Inking in

Photo: Tom Renshaw
Artist Tom Renshaw's rendering of Jimi Hendrix.

One of the most hackneyed and overused sayings of the '90s: "Tattoos aren't just for sailors and bikers anymore." Um, duh.

Still, the mainstreaming of permanent body art has continued — culminating in the inevitable: tattoo reality TV.

Between the two current series, A&E's Inked and the Learning Channel's Miami Ink, the message is colorful and clear: Tattooing is artistry. Serious artistry.

The two shows also illustrate the factions of tattooing: Inked focuses on a stylish shop in a Vegas casino (co-owned by motocross superstar and Pink boytoy Carey Hart) where many of the customers are tourists looking for flash (the premade designs that often adorn tattoo shop walls) or a dash of ink to commemorate their Sin City adventures (but in this case, what happens in Vegas doesn't stay in Vegas).

Miami Ink, on the other hand, is about a custom shop; each client gets an in-depth consultation leading to a one-of-a-kind piece of permanent adornment. The staff, among them the immensely talented Chris Garver and visiting guest Kat Von D., often become closely involved with clients, particularly those getting profoundly emotional tattoos, such as tattoos honoring loved ones who've died.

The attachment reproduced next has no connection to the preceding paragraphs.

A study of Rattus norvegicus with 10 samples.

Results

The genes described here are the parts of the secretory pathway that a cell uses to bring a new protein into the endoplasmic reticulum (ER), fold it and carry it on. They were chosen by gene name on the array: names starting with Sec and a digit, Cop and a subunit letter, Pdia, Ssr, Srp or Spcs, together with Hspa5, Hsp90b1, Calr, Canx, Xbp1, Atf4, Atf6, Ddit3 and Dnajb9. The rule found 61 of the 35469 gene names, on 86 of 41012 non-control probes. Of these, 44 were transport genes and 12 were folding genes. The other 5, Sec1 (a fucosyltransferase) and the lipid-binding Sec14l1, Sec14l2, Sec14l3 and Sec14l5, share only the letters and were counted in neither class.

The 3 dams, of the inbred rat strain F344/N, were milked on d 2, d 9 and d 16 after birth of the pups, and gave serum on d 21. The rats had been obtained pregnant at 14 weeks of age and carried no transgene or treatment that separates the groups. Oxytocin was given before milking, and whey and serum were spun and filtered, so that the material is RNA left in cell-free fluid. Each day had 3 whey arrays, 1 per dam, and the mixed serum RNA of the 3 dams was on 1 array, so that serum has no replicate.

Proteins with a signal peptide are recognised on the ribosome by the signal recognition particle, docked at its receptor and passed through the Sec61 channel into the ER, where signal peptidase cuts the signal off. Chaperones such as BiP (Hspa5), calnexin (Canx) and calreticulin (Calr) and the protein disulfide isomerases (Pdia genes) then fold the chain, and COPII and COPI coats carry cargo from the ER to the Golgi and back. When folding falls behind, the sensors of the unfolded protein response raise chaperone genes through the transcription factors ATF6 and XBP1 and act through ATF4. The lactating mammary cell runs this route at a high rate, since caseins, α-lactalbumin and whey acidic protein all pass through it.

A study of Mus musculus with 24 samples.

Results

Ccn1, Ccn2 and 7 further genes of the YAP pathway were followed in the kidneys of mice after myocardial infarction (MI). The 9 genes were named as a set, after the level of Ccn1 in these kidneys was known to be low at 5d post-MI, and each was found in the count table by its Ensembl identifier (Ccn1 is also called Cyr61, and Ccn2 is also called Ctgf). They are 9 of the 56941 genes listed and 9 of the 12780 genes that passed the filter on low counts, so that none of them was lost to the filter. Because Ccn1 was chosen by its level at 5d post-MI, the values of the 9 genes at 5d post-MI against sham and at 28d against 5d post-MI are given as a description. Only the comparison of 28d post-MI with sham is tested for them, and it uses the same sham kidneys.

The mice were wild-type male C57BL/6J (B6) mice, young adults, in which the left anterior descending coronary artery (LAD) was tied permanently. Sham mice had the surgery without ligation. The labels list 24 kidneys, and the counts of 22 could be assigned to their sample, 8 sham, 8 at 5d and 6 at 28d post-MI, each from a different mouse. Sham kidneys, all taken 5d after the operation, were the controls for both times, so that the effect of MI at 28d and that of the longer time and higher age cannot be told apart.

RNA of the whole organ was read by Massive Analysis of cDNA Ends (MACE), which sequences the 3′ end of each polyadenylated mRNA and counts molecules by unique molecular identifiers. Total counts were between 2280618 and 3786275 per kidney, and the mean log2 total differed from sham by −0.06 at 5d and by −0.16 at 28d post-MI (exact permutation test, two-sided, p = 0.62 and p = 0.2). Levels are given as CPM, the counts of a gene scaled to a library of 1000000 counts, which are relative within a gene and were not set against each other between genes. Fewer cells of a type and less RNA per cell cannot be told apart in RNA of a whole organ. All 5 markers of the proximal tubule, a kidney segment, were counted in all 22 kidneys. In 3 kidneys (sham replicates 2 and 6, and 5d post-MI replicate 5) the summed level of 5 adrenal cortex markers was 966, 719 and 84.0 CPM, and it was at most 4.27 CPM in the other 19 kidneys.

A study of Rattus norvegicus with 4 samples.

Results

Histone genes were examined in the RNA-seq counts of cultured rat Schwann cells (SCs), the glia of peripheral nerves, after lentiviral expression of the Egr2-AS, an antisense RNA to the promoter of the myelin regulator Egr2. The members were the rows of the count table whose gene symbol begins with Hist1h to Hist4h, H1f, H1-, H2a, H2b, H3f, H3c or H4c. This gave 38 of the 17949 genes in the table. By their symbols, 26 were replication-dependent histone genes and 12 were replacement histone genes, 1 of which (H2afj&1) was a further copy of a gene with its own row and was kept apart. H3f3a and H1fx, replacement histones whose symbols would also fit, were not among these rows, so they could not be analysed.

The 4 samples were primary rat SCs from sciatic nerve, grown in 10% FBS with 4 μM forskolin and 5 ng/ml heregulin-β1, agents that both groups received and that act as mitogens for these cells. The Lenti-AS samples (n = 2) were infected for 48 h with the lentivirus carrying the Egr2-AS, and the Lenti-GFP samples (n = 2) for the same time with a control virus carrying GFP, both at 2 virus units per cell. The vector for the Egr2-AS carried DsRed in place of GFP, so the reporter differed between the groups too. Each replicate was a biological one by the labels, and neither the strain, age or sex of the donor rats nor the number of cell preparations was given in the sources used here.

Watching the shows has a compelling effect: You want a tattoo. And if you've got the itch, now's the perfect time: The 11th annual Motor City Tattoo Expo rolls into the Renaissance Center this weekend, bringing more than 200 artists from as far away as Europe and Japan.

Local legend Terry "Tramp" Welker of Eternal Tattoos, who's organized the event since year two, says the expo is so popular he has a huge waiting list for internationally renowned artists. In its early days, the expo was held at smaller hotels near the airport; last year it moved to the Renaissance Center.

Indeed, last year's showing boasted a charming juxtaposition: throngs of tattooed, pierced and dreadlocked expo patrons intermingling with the pressed and prim Ren Cen suits.

"Before, when it was in the burbs, the artists would fly in and then stay in the hotel all weekend. Now, people coming in can take the People Mover, walk to the bars downtown. ... We're giving everybody an opportunity to really see Detroit."

 

March 3-5 at the Detroit Marriott in the Renaissance Center (400 Renaissance Center, Detroit; 313-568-8150). Call 517-548-6814 or eternaltattoos.com.

Sarah Klein is Metro Times culture editor. Send comments to sklein@metrotimes.com.